3 programs on Saturday, and despite a few technical glitches, I had a good time.
First up was a music program, starting with "Heart and Spirit". It's a documentary about a popular Tunisian group that performs a traditional Islamic chant called Hezb Al-latif. The Hezb Al-latif is traditionally performed to dedicate any new project (a new home, etc.). So when a new recording studio wanted to dedicate their space, they brought in sheik Ahmed Jelman to perform the chant with his group. And hey, why not record it? That recording became incredibly popular, and so did the group. And Ahmed is a fine example of staying grounded while balancing his faith, his art, and his success.
Next up was "Qater al Nada", about a Palestinian Dabka dance group. They live in the only remaining Palestinian neighborhood in West Jerusalem, and while other dance groups compete internationally under the Israeli flag, they are adamant about being Palestinian, not Israeli. I'll just skip over the politics and say they're really good dancers.
And the third movie was "El Tanbura, Capturing a Vanishing Spirit", and unfortunately this one was plagued with technical problems. It's the story of a group reviving traditional music and folklore in Port Said, Egypt. Unfortunately, there were multiple audio glitches and the DVD froze up a few times. I could still follow the story somewhat through the subtitles, but when the real draw is the music, audio glitches are very bad. It was a shame.
Anyway, the next show was the children's program, starting with "Carthage Castaways". It was obviously originally a TV cartoon show, about a group of time-travelling adventurers from Carthage. The movie version was three half-hour episodes crammed awkwardly together, but if you consider it a sampler of the show rather than a 90 minute narrative film, it's okay. Actually, the show looks pretty good, although much heavier on history than would appeal to American kids. But that's not a bad thing. Most Americans wouldn't get a reference to the library of Alexandria, but I really, really wish they would. And of course shows like this could change that.
Then the next technical glitch was that they couldn't get the short "The Magic Crop" to play, so they replaced it with "Kemo Sabe", the story of an Arab-American kid who really wants to play on the cowboy side in the game of cowboys and Indians (of course, all the ethnic kids are the Indians). It's a touching story with no easy happy ending.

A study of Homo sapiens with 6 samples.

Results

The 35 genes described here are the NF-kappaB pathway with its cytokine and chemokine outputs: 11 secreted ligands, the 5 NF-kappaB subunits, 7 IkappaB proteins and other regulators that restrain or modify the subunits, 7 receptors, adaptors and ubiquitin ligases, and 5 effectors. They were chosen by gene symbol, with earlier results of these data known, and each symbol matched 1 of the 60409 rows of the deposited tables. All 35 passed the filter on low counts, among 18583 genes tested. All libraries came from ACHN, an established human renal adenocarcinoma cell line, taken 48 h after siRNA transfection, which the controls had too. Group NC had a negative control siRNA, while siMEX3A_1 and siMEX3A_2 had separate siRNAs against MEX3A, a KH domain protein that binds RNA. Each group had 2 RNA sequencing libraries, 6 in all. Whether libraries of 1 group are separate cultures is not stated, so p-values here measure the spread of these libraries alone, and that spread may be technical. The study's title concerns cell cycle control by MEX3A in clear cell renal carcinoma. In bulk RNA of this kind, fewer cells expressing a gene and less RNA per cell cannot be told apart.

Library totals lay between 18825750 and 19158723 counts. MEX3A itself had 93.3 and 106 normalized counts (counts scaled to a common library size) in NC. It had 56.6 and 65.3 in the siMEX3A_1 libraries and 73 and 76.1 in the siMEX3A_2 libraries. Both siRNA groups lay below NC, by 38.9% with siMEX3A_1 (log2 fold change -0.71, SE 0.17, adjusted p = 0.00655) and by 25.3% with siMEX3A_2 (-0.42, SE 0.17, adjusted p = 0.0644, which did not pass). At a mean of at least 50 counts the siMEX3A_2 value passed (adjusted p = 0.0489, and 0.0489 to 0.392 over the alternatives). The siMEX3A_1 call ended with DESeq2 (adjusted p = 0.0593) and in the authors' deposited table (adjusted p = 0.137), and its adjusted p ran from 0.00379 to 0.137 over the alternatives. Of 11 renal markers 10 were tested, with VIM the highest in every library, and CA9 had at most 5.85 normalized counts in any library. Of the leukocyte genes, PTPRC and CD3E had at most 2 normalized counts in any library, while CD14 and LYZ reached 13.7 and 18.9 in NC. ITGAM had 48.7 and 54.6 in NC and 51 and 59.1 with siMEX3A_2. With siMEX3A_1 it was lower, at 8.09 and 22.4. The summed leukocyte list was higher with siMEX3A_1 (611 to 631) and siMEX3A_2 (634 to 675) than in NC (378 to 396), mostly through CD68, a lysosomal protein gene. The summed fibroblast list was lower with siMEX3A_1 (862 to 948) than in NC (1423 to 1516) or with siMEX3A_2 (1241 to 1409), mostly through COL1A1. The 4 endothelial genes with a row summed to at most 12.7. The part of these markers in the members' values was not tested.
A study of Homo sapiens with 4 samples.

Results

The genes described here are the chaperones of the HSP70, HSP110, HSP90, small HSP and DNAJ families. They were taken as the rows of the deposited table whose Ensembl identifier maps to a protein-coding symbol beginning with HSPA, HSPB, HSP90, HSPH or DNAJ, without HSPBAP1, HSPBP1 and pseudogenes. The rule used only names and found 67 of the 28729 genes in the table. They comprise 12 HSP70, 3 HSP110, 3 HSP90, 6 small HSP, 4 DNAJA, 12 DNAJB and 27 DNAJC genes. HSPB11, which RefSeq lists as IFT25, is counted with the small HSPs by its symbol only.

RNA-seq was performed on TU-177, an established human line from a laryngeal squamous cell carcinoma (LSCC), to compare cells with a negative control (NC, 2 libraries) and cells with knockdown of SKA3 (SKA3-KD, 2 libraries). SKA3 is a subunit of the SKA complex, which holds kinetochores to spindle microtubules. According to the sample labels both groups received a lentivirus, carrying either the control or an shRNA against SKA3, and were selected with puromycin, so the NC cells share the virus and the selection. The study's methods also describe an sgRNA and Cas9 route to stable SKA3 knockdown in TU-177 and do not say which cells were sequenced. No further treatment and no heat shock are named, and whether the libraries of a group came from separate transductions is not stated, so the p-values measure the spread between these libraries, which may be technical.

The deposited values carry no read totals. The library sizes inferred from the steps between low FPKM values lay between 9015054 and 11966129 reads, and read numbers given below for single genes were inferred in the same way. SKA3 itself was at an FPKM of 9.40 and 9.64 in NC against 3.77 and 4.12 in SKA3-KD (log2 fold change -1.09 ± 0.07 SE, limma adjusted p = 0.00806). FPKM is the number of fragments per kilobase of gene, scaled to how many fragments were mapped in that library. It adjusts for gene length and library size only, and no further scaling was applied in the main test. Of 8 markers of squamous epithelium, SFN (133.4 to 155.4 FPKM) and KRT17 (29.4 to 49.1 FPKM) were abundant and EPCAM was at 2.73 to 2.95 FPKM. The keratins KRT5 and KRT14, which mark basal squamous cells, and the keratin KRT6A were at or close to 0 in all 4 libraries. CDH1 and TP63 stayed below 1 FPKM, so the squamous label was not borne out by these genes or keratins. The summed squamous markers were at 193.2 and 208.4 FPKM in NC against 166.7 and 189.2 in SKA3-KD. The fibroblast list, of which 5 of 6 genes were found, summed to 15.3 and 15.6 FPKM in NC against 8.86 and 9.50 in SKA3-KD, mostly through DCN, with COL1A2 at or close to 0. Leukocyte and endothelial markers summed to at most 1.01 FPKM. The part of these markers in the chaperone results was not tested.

And then the third program of the night, featuring the first ever Lebanese vampire movie. But first the excellent short, "Garbage". It's a story of sexual obsession and frustration, as the hero steals the neighbor woman's garbage and uses it to learn all about her, having a surrogate relationship with her. And for those who think Arabs culture is all conservative, this movie has a man humping a bag of garbage. There's something I haven't seen in an American movie.
Then finally the movie I was most eager to see, "The Last Man" is billed as the first Lebanese vampire movie, and is a very strange vampire movie at that. It opens with a shot of waves crashing against a sea wall shot in a manner that makes Beirut look really Gothic. In fact, the camera work throughout the movie does an excellent job of portraying the city as a mysterious, foreboding force. It then launches into a fragmented, non-linear story of a murderous monster killing people and sucking their blood. Mild-mannered doctor and scuba enthusiast Khalil Shams (Carlos Chahine) is afraid he might be the vampire, as his eyes become increasingly sensitive to sunlight. The movie jumps around in time and place, with no scene flowing directly into the next. The overall effect is jarring and surreal, and over time the visual echoes give a sense of history continuously repeating itself. I can appreciate the movie for these elements, but I fear I'm missing the key knowledge needed--an understanding of what it's like to live in Beirut. I feel this is very much a Beirut film, about Beirut and for residents of Beirut. And as much as I liked this movie, it certainly doesn't make Beirut look inviting enough for me to spend time there to understand the movie better.
And that was my day at the Arab Film Festival.